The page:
Reflections on the Water
(A Petrarchan Sonnet)
On water, fine reflections reign supreme,
With mirrored images that float in sight,
Of colors – purple, green, with red and white.
This tableau that sits simply so serene
Beside a building looking most pristine,
Through shining glass clad windows, such delight
That fills the mind with thoughts of fancy flight,
A vision placed as if it were a dream.
Yet, were the water to be swiftly drained,
Too soon would these reflections disappear.
Might quickly kill the plants and mare our cheer.
The elegance of art would be profaned.
So, let us pray those waters stay in place,
This circumstance must never be the case.
Oh the beauty of reflections on water. This one is a floating garden, man made. It is next to the Como Park Conservatory.
Petrarch developed the Italian sonnet pattern, which is known to this day as the Petrarchan sonnet or the Italian sonnet. Francesco Petrarca (Petrarch in English; July 20, 1304 -July 19, 1374) was a scholar and poet in Renaissance Italy. Petrarch’s sonnets were admired and imitated throughout Europe during the Renaissance and became a model for lyrical poetry. He is also known for being the first to develop the concept of the “Dark Ages”.
Because of the structure of Italian, the rhyme scheme of the Petrarchan Sonnet is more easily fulfilled in that language than in English. The original Italian sonnet form divides the poem’s 14 lines into two parts, the first part being an octave and the second being a sestet. The rhyme scheme for the octave is typically:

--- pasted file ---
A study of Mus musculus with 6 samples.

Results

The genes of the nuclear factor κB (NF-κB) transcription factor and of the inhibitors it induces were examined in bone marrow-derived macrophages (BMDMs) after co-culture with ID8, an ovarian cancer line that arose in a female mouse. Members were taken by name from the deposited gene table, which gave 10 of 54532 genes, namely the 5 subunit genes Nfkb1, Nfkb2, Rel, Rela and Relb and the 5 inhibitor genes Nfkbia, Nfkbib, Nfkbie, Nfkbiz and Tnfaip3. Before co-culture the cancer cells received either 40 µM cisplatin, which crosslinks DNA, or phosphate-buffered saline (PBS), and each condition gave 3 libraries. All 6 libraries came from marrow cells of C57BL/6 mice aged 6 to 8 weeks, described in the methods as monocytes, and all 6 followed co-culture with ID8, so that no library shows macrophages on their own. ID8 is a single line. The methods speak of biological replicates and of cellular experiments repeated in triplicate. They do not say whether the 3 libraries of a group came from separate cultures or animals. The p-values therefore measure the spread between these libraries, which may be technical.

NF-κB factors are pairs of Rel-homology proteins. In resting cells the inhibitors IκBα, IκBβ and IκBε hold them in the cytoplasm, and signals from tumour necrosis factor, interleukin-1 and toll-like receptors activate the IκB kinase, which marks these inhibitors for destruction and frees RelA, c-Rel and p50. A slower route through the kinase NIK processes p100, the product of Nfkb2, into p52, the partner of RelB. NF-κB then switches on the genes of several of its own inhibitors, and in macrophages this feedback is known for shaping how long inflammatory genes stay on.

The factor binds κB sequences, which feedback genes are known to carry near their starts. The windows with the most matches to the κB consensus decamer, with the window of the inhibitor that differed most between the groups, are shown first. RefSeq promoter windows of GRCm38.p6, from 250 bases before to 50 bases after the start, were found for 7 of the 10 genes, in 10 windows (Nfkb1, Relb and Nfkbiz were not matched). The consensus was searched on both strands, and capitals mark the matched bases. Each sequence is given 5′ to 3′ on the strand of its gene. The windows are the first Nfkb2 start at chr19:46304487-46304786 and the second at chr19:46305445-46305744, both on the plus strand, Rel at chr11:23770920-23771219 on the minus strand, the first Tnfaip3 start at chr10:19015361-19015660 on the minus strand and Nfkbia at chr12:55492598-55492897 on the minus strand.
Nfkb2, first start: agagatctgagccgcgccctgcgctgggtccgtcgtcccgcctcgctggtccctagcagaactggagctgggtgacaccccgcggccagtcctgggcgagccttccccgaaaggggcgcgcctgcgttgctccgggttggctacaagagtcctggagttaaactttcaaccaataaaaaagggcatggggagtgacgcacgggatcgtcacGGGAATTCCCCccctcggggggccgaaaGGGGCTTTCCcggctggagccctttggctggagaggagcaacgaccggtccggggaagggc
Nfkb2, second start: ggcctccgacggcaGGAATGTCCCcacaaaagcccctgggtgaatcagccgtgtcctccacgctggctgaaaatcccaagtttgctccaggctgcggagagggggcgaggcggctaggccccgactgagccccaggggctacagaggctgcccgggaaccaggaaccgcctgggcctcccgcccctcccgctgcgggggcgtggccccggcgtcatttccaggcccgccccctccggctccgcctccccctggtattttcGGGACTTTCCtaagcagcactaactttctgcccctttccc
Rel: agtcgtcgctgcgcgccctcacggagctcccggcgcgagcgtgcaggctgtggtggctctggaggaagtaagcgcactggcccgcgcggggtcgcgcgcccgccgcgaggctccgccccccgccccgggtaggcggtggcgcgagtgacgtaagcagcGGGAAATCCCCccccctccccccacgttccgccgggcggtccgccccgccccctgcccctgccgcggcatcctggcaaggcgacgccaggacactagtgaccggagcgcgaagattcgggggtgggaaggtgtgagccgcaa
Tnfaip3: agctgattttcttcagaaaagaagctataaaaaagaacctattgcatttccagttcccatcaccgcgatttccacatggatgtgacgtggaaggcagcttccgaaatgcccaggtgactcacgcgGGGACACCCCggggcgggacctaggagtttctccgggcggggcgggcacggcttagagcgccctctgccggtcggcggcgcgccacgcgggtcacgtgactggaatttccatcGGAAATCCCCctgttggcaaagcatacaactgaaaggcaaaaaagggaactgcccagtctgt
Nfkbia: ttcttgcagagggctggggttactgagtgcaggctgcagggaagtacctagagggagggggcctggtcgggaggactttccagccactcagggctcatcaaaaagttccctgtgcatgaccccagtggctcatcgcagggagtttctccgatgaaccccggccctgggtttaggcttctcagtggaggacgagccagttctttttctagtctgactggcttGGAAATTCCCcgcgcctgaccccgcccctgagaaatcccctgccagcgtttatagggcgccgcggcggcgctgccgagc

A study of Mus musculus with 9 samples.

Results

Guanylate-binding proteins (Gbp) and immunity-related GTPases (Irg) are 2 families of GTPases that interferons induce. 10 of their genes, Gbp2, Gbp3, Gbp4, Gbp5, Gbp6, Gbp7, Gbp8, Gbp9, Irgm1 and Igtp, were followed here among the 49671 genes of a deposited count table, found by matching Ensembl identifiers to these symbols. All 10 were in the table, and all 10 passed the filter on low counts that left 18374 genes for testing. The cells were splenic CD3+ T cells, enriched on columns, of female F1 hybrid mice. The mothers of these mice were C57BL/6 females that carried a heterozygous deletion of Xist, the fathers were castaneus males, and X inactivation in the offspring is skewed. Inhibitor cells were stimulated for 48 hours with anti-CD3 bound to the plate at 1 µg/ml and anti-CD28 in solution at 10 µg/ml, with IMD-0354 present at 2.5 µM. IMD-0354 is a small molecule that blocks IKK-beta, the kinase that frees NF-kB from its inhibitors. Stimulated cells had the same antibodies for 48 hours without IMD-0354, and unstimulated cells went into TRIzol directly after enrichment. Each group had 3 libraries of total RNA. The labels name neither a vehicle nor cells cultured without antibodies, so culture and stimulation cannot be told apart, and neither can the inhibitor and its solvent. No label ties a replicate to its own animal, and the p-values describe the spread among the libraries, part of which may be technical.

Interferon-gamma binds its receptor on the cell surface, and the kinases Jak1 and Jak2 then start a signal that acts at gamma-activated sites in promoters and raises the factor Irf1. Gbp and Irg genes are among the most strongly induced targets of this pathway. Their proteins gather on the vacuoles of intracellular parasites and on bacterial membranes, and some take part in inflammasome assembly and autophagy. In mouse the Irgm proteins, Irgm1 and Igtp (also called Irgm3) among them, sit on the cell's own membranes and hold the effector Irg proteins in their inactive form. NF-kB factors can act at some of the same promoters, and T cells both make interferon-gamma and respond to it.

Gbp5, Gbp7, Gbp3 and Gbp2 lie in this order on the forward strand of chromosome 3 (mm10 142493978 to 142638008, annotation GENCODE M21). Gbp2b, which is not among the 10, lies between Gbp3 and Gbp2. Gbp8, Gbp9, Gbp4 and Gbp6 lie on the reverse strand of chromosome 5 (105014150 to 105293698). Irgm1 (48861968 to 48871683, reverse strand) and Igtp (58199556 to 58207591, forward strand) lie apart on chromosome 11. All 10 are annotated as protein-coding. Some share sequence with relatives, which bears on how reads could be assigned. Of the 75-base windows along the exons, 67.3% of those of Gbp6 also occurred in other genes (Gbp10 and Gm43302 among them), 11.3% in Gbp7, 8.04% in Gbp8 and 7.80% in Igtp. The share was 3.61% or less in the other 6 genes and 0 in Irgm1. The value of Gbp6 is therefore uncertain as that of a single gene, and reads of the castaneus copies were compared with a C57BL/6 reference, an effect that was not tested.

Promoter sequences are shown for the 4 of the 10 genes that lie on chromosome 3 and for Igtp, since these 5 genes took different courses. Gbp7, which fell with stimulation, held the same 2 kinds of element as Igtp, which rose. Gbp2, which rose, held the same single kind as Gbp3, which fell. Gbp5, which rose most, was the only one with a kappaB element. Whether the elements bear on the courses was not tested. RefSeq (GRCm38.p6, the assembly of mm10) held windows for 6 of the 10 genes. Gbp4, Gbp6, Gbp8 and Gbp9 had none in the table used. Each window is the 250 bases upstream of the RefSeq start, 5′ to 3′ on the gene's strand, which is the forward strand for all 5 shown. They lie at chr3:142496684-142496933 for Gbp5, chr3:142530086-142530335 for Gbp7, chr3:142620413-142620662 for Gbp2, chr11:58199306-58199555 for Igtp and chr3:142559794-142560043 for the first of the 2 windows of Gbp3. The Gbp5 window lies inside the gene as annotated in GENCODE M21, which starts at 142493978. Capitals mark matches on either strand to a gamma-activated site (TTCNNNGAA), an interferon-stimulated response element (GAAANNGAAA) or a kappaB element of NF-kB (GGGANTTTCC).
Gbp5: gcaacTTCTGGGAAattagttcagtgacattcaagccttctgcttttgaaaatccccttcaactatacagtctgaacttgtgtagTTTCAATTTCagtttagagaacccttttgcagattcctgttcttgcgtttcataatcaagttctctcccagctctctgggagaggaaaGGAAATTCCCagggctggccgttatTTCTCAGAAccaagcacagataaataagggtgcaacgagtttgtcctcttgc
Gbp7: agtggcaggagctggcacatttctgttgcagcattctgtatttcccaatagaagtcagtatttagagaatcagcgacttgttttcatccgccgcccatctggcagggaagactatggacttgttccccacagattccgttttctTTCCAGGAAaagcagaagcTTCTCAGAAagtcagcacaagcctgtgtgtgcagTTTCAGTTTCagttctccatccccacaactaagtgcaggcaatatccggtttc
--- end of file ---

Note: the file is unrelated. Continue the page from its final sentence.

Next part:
a b b a a b b a.
The sestet is more flexible. In Italian sonnets in English,
c d d c e e and c d c d e e are most used.
The octave and sestet have special functions in a Petrarchan Sonnet. The octave’s purpose is to introduce a problem, express a desire, reflect on reality, or otherwise present a situation that causes doubt or conflict within the speaker. It usually does this by introducing the problem within its first quatrain (unified four-line section) and developing it in the second. The beginning of the sestet is known as the volta, and it introduces a pronounced change in tone in the sonnet; the change in rhyme scheme marks the turn. The sestet’s purpose as a whole is to make a comment on the problem or to apply a solution to it. The pair are separate but usually used to reinforce a unified argument – they are often compared to two strands of thought organically converging into one argument. Source: Wikipedia.